Are Sports And Games Mentioned In The Bible?

The Bible is a dense and thick book (actually a collection of books) that covers centuries of history around a large geographical area. Within its pages of poetry, prophecy, law, historical narrative, and other literary genres, the text frequently touches upon mundane realities of everyday life. For example, the book mentions recipes (1 Kings 17), burn treatments (Leviticus 13), marriage advice (Hebrews 13), and childrearing (Proverbs 13).

Another mundane reality of everyday life that comes up in the Bible, however obliquely, is leisure activities, such as sports and games. Ancient Babylonian and Egyptian board games certainly existed in Old Testament times, according to The British Museum, and it's quite possible that people in the narrative could have been exposed to them. Similarly, in New Testament times organized sports were big, according to True Discipleship, and it's almost a certainty that the early readers of those books were familiar with the athletic contests of the day, and may have even participated themselves.

The Bible is thin on references to games

The Bible does not mention any specific games at all, with one possible exception. And here we're defining "games" not just as board games, but also leisure activities such as hide-and-seek or other children's games.

According to Old Testament history professor Dr. Claude Mariottini of Northern Baptist Seminary, the only references to games in that section of the Bible are vague allusions to children's activities, such as when Zechariah writes that "The streets [of Jerusalem] will be filled with boys and girls playing there."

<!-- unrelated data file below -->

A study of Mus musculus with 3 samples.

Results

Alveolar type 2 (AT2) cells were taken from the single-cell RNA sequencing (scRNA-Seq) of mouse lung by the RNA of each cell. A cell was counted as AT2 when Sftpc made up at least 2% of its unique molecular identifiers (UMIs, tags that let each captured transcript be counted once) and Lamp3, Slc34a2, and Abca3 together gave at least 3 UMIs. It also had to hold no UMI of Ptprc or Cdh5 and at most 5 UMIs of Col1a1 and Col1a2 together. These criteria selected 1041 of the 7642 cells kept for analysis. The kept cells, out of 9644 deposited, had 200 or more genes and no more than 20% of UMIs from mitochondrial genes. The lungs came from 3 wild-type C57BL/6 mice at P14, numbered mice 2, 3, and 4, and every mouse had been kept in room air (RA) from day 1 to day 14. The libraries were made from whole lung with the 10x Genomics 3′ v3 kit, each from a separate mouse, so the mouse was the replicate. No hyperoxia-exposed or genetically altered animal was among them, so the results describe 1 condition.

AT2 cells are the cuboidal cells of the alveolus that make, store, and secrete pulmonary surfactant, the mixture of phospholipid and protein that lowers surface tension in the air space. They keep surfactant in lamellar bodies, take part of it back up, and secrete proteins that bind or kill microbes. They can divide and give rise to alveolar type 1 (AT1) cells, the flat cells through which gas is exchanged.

Another game, of a sort, mentioned in both Testaments is casting lots. According to Early Church History, the activity, not unlike throwing dice or drawing straws, was sometimes used as a form of divination, such as when the sailors on Jonah's ship cast lots to determine that he was the cause of the storm that was threatening to sink the vessel (Jonah 1:7). Similarly, in the New Testament, the soldiers who crucified Jesus cast lots as a form of gambling, with Jesus' clothes as the prize (John 19).

The New Testament is big on sports

The New Testament was written in Greek, and for a good reason: by Jesus' time, the area round the Eastern Mediterranean Sea, the Middle East, and Far West Asia were dominated by Greek culture, according to Biblical Studies. Organized sports were significant in ancient Greek culture: the Olympic Games were a thing at the time, as was their smaller cousin, the Isthmian Games, according to True Discipleship. It's not out of the question that some of the readers and/or writers of the New Testament may have even been in attendance.

References to sports, athleticism, and physical fitness abound in the New Testament, where in some cases they're imbued with spiritual meaning. For example, in 1 Corinthians 9, in teaching his readers about self-discipline, the Apostle Paul references racing: "Do you not know that in a race all the runners run, but only one gets the prize? Run in such a way as to get the prize." Similarly, in Hebrews 12, the writer instructs the readers to "run with perseverance the race marked out for us." And in 2 Timothy 4, the Apostle Paul likens the end of his life to the completion of a race, writing, "I have fought the good fight, I have finished the race, I have kept the faith."